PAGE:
23 January 2006

Primer: Vanilla Part One


I wasn't expecting these notes from people about this little project of mine--if at any point you think I'm ignoring something, or something doesn't make sense please send me an email and I'll do my best to answer questions or figure things out...

As with everything else, let's start at the very beginning...a very good place to start (as The Fussy Eater can attest: everything is a song cue).

I think that the most logical place to start is in research--what is vanilla, where did it come from, how it's processed etc etc etc.

I have to write the following caveat: I went to several sources and in some areas they didn't agree, so I've done my best to digest and synthesize info...

Origin and History
Vanilla (Vanilla planifolia or Vanilla fragrens) is a tropical climbing orchid indigenous to the New World and is the only member of its genus that serves any real culinary use. No one seems to know when it was discovered, but we do know that the Totonac Natives, who lived along the Mexican coast, were the first to use it; it’s assumed they introduced it to the Aztecs. For those of you interested in a more romantic story, here’s a link to Patricia Rain’s translation of an origin myth.

Spaniards were the first Europeans to note vanilla’s use, observing it in Montezuma’s chocolaty beverage “tlilxochitl“ and for sale in Aztec markets. Vanilla exportation was in full force by the late 1500s when Spanish chocolate manufacturing factories were established; the spice quickly developed a reputation as both a nerve stimulant and an aphrodisiac. The word “vanilla” is an Anglicism of the Spanish word “vainilla,” meaning little sheath or little husk. England's Elizabeth I’s apothecary, Hugh Morgan, is credited for using vanilla as a flavouring in its own right.

What stumped many botanists for centuries was vanilla pollination. Many plants taken to Europe didn’t reproduce: the diminutive flower has a small membrane that prevents its stamen and stigma from touching. Natural vanilla pollination only occurs in Mexico (via tiny little bees). Albius, a former slave in Reunion, developed a practical, artificial pollinating method in the 1800s, making commercial crop cultivation possible.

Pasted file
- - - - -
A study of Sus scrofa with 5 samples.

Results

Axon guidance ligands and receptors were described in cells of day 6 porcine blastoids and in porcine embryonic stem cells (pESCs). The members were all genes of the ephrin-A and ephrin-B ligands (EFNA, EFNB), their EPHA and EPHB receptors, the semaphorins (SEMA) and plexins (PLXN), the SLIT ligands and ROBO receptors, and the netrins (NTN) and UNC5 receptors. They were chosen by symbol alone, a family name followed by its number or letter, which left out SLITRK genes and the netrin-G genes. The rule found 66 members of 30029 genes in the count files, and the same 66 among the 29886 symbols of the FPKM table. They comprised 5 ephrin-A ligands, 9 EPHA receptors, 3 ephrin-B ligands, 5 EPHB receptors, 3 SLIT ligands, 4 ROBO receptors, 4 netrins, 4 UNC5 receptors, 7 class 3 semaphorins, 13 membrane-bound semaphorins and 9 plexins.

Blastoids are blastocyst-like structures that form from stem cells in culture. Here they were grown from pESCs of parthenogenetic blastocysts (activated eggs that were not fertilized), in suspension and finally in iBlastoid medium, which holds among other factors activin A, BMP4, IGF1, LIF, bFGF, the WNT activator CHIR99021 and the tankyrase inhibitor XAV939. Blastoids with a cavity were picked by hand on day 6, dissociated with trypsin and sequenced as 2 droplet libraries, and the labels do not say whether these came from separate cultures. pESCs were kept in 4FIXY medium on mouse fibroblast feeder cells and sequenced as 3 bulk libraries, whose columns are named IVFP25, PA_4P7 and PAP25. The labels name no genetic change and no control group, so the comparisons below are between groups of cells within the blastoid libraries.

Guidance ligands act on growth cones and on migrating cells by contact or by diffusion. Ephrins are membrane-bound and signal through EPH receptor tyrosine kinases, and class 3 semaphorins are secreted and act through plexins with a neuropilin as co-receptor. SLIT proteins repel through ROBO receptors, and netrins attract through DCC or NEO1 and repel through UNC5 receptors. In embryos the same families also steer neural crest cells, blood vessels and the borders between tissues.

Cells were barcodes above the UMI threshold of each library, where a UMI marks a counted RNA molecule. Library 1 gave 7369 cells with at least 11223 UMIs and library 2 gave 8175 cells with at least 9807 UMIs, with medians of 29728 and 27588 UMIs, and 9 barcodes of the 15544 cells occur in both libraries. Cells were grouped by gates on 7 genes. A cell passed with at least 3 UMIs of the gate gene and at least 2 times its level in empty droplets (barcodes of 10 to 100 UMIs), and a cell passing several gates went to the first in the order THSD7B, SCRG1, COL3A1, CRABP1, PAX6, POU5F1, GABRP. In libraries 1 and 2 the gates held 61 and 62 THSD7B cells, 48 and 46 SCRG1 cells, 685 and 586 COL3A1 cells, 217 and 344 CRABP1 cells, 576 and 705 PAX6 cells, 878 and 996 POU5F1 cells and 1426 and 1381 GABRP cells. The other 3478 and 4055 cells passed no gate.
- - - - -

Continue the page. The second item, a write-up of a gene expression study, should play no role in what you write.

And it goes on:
Processing Vanilla
After saffron, vanilla is the world’s most expensive spice for three primary reasons: it’s very labour-intensive (hand pollination and curing), there are few regions that grow it and farmers do not harvest large crops. The beans are extremely valuable, forcing many farmers to brand pods to protect their crops from “vanilla rustlers.” For each kilo of cured beans produced, three to five kilos of green bean-like pods are used.

These pods are produced approximately six weeks after a successful pollination. Roughly four to eight months later, a slight yellowish tinge appears at the pod’s tips (“canary tails”), signalling harvest’s beginning.

After the pods are picked, they are laid out in boxes and cured with high heat exposure (through hot water, steam, a kiln or the sun). Curing time varies by type, ranging from a few weeks to several months. The crop then spends several days alternating between exposed to the sun and being wrapped in a cloth to sweat from residual heat. The final vanilla preparation stage involves smoothening and straightening the beans before drying for several weeks, when its flavours develop.

Prior to sale, the beans are graded and bundled in groups of 60 to 100. The final, cured bean has turned a dark brown or black and its length averages from 18 to 20 cm, and has a shrivelled appearance with many longitudinal, ridges and indentations. It’s as flexible as liquorice rope and its surface is covered in givre (glucose and vanillin crystals). When split lengthwise, the spice has a black sticky mass of millions of minute seeds. Its aroma is sweet and fragrant and floral and its flavour is rich and appealing.

A brief and hopefully not-too-garbled science paragraph

The pod contains thousands of teeny black seeds embedded within a complex mixture of sugars, fats, amino acids and phenolic compounds. Closer to its walls are concentrations of enzymes that release aromatic phenolics. The act of curing kills the pod, making it unable to its sugars and amino acids and frees vanillin and other related phenolic molecules “from their bondage to sugar molecules.” Heat and sunlight evaporate some moisture, discourage microbial growth and generate pigments and complex aromas via browning reactions and amino acids.

…yeah, that was garbled.

I'll be back in a couple of days to post the second part of this.


related post: Primer: Vanilla Part Two


What an excellent post! I have a whole new respect for the priciness of these marvellous beans. Looking forward to part II already ...

Anonymous said...

Very, very interesting & well written ... anxiously awaiting part two.